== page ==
This blog originally appeared on The Mark News.
China’s rapid urbanization has come at a cost to its rural villages and those who leave them behind in search of work in crowded cities. Chinese migrants must be given more rights. And that begins with reforming the Hukou System.
By Wan Yang
China’s burgeoning economy has mirrored the large-scale migration of farmers from rural to urban areas, which has reshaped, and will continue to change China. In this process, many who move to cities are left socially and economically vulnerable. As such, policy-makers should make efforts to protect their rights and make sure they are not left behind.
China is witnessing unprecedented levels of migration. Over the past three decades, more than 400 million people have moved from villages and rural areas to cities. By 2011, city dwellers outnumbered rural residents for the first time in China’s history. In 2016, more than 57 percent of China’s citizens – more than 800 million people – lived in densely-populated metropolises.
The current administration in Beijing sees increased urbanization as one of the most important engines for the next round of China’s economic growth. According to a projection in recent research by the Chinese Academy of Social Sciences, China will reach an urbanization rate of 70 percent by 2030.
But how did this happen? How did China begin down its path of urbanization?
This grand migration began in the early 1980s, when China decided to implement economic reforms, which highly increased agricultural productivity. As a result, excessive labor could move to factories and support China’s industrialization. Since then, hundreds of millions of young farmers have become migrant workers when they move to cities to work in factories and on construction sites – fueling China’s rapid and incredible economic and urbanization growth.
China’s rapid urbanization has generated significant impacts both on urban and rural areas. As cities have become more crowded, infrastructure and public services – such as healthcare and education – can barely support the fast growing population. Such impacts can be seen in Beijing, with its notoriously poor air quality, terrible transportation and sky-rocketing housing price. Its population has increased from 10 million in 1985, to 22 million in 2015, and more people are now competing for limited resources such as housing, schools and hospitals.
In the past 10 years, housing prices in Beijing surged four to five times. The number of cars on the roads has also increased from three million to six million between 2007 and 2017, causing hopeless traffic jams and severe air pollution.
For those farmers making the move from country to city life, they experience an even harder transition. Migrant workers can’t become ‘official’ urban residents because of China’s Hukou; a household registration system which divides people into urban or rural residents. Essentially it determines where a citizen is supposed to live. This means migrants can’t benefit from, or pay more for, public service in cities. Many of the migrant workers are marginalized and have never been truly integrated into cities.
When migrant workers move to cities, the elderly and children stay behind, and villages become hollow and dilapidated. The rise of China’s cities has come at the cost of many villages.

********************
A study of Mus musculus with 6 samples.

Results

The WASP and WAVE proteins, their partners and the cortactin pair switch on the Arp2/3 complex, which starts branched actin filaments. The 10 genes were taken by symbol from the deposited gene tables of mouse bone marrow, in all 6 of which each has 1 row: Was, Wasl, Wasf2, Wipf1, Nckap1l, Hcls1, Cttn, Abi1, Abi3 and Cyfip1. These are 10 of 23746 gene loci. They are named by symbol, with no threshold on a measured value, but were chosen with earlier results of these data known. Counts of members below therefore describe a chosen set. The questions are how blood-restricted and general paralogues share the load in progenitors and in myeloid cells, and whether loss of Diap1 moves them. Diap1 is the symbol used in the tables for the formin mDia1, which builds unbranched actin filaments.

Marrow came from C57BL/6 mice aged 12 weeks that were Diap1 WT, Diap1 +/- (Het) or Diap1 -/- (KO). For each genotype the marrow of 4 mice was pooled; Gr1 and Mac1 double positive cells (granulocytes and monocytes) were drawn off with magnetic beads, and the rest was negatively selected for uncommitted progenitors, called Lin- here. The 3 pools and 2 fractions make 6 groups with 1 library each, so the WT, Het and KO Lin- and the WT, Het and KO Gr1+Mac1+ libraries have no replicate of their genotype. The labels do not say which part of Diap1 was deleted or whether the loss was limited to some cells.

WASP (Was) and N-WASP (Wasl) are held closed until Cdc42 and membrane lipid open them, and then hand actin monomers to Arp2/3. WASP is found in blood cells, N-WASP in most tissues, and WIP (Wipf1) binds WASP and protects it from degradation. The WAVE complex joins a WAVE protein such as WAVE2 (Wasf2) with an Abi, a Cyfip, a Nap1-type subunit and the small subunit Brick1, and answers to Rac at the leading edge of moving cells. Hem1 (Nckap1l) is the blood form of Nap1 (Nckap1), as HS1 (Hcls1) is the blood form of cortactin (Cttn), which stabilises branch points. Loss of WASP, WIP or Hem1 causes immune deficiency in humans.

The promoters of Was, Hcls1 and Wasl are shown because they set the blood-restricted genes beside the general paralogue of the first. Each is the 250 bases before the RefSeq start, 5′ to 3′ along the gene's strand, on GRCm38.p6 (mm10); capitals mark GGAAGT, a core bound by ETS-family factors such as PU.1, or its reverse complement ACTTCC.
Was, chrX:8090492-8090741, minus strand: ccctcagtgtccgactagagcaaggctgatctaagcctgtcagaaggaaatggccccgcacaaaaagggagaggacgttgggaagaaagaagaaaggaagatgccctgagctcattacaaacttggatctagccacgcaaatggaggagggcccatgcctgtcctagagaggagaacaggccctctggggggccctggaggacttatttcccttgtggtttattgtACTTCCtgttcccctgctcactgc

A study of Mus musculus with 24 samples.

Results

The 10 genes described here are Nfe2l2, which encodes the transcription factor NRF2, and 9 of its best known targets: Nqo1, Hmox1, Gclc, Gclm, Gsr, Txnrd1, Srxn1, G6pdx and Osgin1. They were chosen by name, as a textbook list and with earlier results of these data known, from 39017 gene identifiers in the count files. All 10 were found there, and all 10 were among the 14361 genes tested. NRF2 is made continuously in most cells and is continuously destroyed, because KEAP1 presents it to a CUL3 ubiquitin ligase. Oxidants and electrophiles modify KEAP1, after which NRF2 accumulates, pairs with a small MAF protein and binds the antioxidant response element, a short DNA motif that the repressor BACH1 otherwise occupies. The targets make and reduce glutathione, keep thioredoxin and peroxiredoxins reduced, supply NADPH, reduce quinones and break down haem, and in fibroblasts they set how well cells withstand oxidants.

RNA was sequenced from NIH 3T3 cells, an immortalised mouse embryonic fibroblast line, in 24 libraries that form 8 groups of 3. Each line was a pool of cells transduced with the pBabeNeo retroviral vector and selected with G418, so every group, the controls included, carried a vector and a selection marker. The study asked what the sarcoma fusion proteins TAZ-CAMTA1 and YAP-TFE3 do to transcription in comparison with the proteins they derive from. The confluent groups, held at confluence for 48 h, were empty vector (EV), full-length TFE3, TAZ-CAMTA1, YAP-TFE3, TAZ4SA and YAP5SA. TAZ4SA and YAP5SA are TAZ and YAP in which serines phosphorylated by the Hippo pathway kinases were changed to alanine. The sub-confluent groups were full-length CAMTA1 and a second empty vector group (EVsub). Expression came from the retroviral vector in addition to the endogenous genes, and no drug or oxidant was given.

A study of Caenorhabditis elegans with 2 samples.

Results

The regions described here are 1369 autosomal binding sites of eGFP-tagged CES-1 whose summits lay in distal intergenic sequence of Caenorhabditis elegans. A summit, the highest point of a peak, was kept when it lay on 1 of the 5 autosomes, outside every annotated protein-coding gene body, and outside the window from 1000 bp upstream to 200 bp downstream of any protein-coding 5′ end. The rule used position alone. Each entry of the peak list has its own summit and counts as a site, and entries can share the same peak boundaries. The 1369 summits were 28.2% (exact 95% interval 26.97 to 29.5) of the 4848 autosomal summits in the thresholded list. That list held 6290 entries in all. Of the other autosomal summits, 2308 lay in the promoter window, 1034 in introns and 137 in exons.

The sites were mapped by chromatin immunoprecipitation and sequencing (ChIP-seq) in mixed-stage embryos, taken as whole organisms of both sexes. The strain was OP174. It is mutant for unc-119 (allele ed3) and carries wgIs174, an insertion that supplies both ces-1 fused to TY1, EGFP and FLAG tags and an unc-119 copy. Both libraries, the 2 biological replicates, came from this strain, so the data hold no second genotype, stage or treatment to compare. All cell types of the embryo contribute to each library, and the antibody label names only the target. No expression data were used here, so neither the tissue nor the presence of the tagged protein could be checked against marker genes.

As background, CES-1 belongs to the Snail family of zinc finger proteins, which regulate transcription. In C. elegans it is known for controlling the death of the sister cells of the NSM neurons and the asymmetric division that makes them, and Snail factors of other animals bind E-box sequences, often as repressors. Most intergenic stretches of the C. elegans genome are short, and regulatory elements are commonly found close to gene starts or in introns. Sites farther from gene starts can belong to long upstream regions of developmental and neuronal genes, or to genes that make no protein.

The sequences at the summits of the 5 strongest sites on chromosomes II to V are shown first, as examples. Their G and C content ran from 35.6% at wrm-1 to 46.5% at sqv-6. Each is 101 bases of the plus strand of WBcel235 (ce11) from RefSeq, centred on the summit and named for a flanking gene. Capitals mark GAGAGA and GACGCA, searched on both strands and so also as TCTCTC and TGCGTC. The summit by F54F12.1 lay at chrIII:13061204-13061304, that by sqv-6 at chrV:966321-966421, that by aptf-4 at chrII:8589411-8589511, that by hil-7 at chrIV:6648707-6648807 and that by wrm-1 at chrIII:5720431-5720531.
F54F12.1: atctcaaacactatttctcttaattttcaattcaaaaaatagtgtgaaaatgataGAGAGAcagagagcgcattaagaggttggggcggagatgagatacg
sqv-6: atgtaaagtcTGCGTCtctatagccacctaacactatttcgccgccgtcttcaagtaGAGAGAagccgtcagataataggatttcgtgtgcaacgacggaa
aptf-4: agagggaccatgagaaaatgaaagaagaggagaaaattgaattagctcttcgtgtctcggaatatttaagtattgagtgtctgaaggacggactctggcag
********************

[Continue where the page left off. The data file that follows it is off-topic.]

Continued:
Many farmers decide to lease their lands to professional cultivators, corporations for agriculture or non-agriculture business when they migrate to cities. It is estimated that more than 30 percent of rural households have leased out their lands. In many cases, their land rights are often encroached upon, especially when they are facing large corporations, as they have weak negotiating power.
Farmers in China do not have land ownership and they contract lands from the village collective, typically for 30 years. In some instances, migrant farmers are stripped of their lands because the village authorities believe they have moved out of the villages and should give up their lands.
So the future success of China’s urbanization depends on the treatment of migrants and the proper protection of their rights.
First and foremost, can cities provide attractive economic opportunities? China has begun to encourage people to move to “smaller” or medium-size cities, those with populations under one million. But do these cities have enough jobs? This depends on the overall prospects of China’s economy.
Second, can cities provide new residents equal access to public services such as medical care and education? For farmers who want to live in cities, they should be given urban Hukou and access to the corresponding social welfare, which in turn provides them adequate access to all the rights enjoyed by their urban cousins.
Third, corporations need to be well regulated in order for farmers to be fairly treated. Also farmers who move to cities should not lose the use rights of the lands allocated to them. If they choose to lease the lands out, they should be able to collect income from the rent of their lands, making their urban transition easier.
While many migrants desire to become urban dwellers, others are not as enthusiastic. As China’s economy slows down, job opportunities are shrinking in cities. Some migrants and farmers might feel their lives would be easier in their hometowns due to lower living cost and more comfortable country houses.
China’s government is ambitious with its plans to urbanize the country. However, farmers’ decision-making powers on whether to move to cities or stay in villages, whether to keep their lands to grow crops themselves or lease them out to others, must be strengthened at the local level.
The protection of migrants’ rights starts by letting migrants make their own choices.
Wan Yang is Director of Landesa’s China Program.